Arthur Ryan Smith
|Member of Parliament|
for Calgary South
|Preceded by||Carl Olof Nickle|
|Succeeded by||Harry Hays|
|Born||May 16, 1919|
Calgary, Alberta, Canada
|Died||June 30, 2008 (aged 89)|
Calgary, Alberta, Canada
|Political party||Progressive Conservative|
Captain Arthur Ryan Smith Jr. OC AOE DFC (May 16, 1919 – June 30, 2008) was a Canadian oilfield worker, fighter pilot, executive business man, philanthropist, magazine editor, advertising executive and politician on the municipal, provincial and federal levels of government.
Arthur Ryan Smith was born in Calgary, Alberta, on May 16, 1919, to Arthur LeRoy Smith, Member of Parliament for Calgary West from 1945 to 1951, and Sara Isobel Ryan. He grew up in Calgary and in British Columbia. He got his first job as an oil field worker at the age of 16 in Turner Valley, Alberta, and spent four years working in the oil patch.
At the outbreak of World War II Smith enlisted in the Royal Canadian Air Force and became a pilot. He flew 34 combat missions on Lancaster bombers and was awarded the Distinguished Flying Cross. When Smith returned home from the war he went back to work in the oil patch. He worked his way up from roughneck to Assistant of the President at the Anglo-American Oil Company. In 1952 he became editor for the publication Petroleum Exploration Digest.
Smith and Ron Butlin co-hosted a weekly sports radio show during the 1950s on CFAC.
Smith was elected to Calgary city council in 1953 and served there until 1955 when he decided to run for a seat in the provincial legislature.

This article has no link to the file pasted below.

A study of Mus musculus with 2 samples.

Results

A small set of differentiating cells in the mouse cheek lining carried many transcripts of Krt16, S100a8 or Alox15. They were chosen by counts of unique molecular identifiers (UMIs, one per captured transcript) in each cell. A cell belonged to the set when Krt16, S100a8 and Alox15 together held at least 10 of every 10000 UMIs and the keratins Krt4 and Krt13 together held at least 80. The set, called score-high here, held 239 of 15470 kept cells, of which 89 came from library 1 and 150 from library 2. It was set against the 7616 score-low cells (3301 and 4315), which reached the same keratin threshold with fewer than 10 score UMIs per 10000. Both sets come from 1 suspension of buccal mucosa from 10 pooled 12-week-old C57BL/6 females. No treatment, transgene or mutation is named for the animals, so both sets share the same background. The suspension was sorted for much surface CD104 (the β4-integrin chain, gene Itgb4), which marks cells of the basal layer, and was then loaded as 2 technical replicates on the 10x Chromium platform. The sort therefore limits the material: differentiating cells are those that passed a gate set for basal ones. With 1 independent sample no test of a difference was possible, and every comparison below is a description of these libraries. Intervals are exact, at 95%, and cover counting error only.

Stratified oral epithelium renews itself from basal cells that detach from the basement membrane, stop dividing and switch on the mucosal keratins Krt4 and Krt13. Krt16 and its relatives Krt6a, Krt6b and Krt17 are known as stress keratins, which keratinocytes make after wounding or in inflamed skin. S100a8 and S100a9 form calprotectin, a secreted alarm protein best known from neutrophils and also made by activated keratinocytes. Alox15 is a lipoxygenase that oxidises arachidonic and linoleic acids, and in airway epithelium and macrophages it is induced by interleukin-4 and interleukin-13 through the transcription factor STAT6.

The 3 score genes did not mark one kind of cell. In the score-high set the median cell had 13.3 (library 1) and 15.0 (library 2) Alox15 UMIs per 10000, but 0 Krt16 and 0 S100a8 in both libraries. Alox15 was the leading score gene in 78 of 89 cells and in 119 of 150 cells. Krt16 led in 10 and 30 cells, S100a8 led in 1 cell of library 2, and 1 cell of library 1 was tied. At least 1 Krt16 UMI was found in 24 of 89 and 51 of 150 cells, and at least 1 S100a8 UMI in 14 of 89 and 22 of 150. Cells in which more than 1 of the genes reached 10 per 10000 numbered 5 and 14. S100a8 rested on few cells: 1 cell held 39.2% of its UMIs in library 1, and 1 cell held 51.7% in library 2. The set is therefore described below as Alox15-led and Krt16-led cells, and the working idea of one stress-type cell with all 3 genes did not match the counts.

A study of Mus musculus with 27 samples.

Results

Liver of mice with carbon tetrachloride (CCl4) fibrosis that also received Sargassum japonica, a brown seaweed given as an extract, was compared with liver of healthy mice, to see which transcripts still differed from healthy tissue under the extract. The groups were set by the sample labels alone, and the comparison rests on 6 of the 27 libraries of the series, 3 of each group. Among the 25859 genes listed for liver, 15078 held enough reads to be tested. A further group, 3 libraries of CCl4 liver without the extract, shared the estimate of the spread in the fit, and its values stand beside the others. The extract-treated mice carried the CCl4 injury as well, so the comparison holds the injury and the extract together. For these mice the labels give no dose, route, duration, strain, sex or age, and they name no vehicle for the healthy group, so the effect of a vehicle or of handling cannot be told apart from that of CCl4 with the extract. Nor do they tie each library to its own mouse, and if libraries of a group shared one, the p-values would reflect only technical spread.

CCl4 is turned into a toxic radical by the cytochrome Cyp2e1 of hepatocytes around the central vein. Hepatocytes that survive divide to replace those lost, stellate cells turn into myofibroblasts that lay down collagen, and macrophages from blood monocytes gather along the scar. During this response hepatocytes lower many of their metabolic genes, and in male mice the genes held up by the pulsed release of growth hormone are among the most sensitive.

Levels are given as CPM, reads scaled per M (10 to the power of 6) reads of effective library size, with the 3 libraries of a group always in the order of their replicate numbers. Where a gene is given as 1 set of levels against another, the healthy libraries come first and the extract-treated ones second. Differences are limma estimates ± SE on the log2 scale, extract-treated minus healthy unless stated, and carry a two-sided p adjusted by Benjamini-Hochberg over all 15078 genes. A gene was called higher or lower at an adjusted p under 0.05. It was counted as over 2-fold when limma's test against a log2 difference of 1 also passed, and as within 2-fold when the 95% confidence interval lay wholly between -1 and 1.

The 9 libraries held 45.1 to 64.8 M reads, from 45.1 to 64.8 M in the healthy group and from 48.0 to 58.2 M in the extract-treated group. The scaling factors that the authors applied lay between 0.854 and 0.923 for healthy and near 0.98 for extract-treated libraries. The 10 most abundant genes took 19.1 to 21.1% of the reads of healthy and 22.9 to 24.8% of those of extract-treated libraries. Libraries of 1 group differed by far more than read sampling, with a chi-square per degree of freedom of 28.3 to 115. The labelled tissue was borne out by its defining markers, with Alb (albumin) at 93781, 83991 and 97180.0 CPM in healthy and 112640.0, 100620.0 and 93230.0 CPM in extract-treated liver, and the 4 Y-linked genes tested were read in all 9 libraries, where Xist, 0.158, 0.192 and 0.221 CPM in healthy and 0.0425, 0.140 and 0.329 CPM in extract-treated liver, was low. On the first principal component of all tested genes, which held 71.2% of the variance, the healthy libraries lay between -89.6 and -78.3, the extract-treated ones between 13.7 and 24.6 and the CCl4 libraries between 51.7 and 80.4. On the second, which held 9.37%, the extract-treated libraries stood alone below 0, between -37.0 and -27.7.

Smith returned to city council after retiring from federal politics in 1963. He was elected in 1965 and remained in office until 1967.
Smith ran as a candidate in the Calgary provincial electoral district in the 1955 Alberta general election. He finished first in the vote counts on the first ballot. He resigned in 1957 to run for Parliament.
Smith ran in the district of Calgary South in the 1957 federal election. He won by 10,000 votes over Donald McKay. In the election the following year, he won by 23,000 votes over the nearest candidate. In the 1962 federal election. His margin of victory was significantly reduced, but he still won in a landslide. Smith retired from federal politics in 1963 at the dissolution of the house. During his time as a Member of Parliament, he served as a delegate to the United Nations.
Smith became an influential business man after his career in public office. In 1961 he and Milt Harradence used their political influence with Prime John Diefenbaker to make Lynn Garrison's Lancaster Memorial Fund a success. This saw Lancaster FM-136, purchased from Crown Assets Disposal Corporation by Lynn Garrison, displayed at McCall Field, Calgary as a memorial to those who had trained under the British Commonwealth Air Training Plan. Smith had won his Distinguished Flying Cross while flying Lancasters during World War II. He served as an executive on numerous companies, sat on public boards, and volunteered in youth sports programs. In 1988 he was appointed Chief of Protocol for the 1988 Winter Olympic Games in Calgary. In 1998, Smith founded the Calgary Homeless Foundation, a registered charity committed to end homelessness in Calgary.
In 2006 he endorsed Mark Norris for the leadership of the Alberta Progressive Conservative Party.
Smith became a member of the Order of Canada in 1988 and an officer in 2003. That same year he was also given an honorary doctor of laws degree from the University of Calgary. He was awarded the Alberta Order of Excellence and in 1997 he became Honorary Colonel of the 416 Tactical Fighter Squadron.